U.S. Steel Corp. is laying off up to 770 people and idling plants in Texas and Alabama that make tubular pipe products for the energy industry.

The second largest domestic steel producer plans to shutter Lone Star Tubular Operations in East Texas on Friday (March 25) and lay off up to 450 jobs. Another 200 people will lose their jobs at the Fairfield, AL, tubular manufacturing site when it is closed in April.

Another 120 salaried employees are losing their jobs in the tubular unit because of low production levels. Layoffs occurred at Fairfield and Lone Star, as well as in Lorain, OH, and in Houston.

The tubular division sales traditionally has been U.S. Steel’s most profitable business. However, the company posted an operating loss in 2015 of $179 million after sales declined by 68%.

Last December the company postponed building a 1.6 million net ton electric arc furnace at its Fairfield Works in Birmingham, AL, because of “continued challenging market conditions in both the oil and gas and steel industries” (see Shale Daily, Dec. 22, 2015).

In January the company had indicated it would lay off some employees in Lorain after rival Republic Steel Inc. idled its Lorain rolling mill tubular facility and laid off 200 (see Shale Daily, Jan. 12).

U.S. Steel last year also idled an Illinois factory that made flat-rolled steel, citing adverse market conditions including cheap imports and lower oil prices. The company said at the time it had notified 2,080 workers at the Granite City plant about potential layoffs.

U.S. Steel’s sales in its tubular division, typically the most profitable, posted an operating loss of $179 million in 2015 as sales plunged by 68%.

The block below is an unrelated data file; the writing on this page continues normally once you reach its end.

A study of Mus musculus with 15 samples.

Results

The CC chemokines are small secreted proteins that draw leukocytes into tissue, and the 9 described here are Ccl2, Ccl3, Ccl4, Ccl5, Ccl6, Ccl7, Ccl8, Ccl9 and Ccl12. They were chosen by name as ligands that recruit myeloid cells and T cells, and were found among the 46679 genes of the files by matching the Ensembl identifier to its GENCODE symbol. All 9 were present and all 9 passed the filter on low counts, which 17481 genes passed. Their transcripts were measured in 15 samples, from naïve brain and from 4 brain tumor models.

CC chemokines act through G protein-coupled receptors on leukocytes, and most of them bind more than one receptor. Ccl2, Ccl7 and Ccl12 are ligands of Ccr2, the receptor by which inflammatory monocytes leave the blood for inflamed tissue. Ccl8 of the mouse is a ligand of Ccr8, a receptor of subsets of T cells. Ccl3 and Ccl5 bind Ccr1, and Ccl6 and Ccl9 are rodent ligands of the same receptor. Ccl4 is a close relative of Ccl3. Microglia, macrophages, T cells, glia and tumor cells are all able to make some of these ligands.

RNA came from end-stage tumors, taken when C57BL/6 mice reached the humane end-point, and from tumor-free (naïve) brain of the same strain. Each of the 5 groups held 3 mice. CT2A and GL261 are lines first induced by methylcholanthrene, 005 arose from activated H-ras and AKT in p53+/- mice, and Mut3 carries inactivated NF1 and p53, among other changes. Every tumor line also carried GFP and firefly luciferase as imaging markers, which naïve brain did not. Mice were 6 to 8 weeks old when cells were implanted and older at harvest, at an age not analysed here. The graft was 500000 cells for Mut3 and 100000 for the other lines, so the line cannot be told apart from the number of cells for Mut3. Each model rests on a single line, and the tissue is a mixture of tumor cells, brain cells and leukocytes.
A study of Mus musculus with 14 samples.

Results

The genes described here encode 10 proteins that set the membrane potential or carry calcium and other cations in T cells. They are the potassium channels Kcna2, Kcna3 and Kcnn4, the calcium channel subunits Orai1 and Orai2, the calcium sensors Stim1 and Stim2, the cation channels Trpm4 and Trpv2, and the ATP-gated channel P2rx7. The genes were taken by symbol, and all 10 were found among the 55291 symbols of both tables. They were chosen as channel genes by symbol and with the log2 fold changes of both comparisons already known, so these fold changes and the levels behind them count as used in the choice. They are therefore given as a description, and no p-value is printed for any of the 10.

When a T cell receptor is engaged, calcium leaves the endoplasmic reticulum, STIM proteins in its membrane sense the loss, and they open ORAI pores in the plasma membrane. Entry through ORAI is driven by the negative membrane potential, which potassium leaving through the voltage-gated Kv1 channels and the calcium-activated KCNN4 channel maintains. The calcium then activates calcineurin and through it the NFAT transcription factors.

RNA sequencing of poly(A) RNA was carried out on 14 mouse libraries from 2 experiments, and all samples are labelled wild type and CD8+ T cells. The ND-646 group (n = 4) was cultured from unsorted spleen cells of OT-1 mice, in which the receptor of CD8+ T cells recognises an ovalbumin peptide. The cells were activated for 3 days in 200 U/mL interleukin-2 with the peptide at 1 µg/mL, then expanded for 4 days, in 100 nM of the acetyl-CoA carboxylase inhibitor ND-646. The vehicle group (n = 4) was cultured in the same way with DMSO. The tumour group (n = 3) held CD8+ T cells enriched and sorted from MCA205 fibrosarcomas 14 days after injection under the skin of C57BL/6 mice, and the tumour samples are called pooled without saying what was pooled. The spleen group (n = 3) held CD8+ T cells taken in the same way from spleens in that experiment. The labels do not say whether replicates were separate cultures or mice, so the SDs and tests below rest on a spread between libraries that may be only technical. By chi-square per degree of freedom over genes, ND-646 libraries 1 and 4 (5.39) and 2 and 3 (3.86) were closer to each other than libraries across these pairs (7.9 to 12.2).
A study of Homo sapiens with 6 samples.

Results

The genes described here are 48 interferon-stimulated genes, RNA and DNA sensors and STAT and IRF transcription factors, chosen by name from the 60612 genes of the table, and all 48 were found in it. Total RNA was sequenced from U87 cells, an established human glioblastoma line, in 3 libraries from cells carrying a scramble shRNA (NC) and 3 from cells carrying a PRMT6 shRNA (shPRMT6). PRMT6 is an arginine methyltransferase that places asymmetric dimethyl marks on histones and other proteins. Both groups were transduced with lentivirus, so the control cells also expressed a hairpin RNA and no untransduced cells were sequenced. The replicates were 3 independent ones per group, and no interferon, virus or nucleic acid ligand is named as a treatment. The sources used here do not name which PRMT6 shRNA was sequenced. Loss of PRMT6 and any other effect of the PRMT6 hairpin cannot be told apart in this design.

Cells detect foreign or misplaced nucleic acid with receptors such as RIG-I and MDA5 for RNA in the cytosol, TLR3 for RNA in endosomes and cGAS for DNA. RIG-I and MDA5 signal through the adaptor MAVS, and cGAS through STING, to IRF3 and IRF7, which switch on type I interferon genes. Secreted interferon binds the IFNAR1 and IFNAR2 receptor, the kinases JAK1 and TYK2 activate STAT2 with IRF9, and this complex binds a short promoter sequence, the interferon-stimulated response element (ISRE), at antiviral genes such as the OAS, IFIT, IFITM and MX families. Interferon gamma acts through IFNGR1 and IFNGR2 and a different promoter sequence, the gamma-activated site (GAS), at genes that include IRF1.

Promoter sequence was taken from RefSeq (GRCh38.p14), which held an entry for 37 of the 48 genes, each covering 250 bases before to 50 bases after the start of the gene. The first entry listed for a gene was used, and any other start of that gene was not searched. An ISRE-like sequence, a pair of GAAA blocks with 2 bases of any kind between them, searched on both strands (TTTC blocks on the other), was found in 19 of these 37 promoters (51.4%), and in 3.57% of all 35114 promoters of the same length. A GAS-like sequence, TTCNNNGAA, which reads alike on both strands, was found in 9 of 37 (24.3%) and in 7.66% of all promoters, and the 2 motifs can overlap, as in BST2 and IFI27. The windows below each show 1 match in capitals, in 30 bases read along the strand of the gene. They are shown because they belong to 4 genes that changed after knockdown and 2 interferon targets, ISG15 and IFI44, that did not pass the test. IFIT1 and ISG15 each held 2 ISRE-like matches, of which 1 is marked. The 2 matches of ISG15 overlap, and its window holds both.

The Federal Reserve Bank of Dallas in December estimated that close to 70,000 U.S. energy sector jobs had been lost since October 2014, a 14.5% decline year/year (see Shale Daily, Dec. 28, 2015).

The layoffs have continued into this year, with Halliburton Co. and Anadarko Petroleum Corp. alone cutting close to 6,000 more people since January (see Shale Daily, March 10; Feb. 25). Schlumberger Ltd. reduced its global workforce by another 10,000 in the final months of last year following big job reductions through 2015 (see Shale Daily, Jan. 22). Weatherford International plc expects to lay off another 6,000 by the end of June, bringing the total number of job losses globally at about 20,000 (see Shale Daily,Feb. 5).

Jefferies LLC has downgraded U.S. Steel and several other steel manufacturers citing seasonal restocking, slow demand and trade barriers.

Even though there is evidence the market was improving, “we fear momentum may run out of steam this summer,” analysts said. “Following a strong run of equity performance for U.S. steelmakers, valuations are increasingly hard to justify."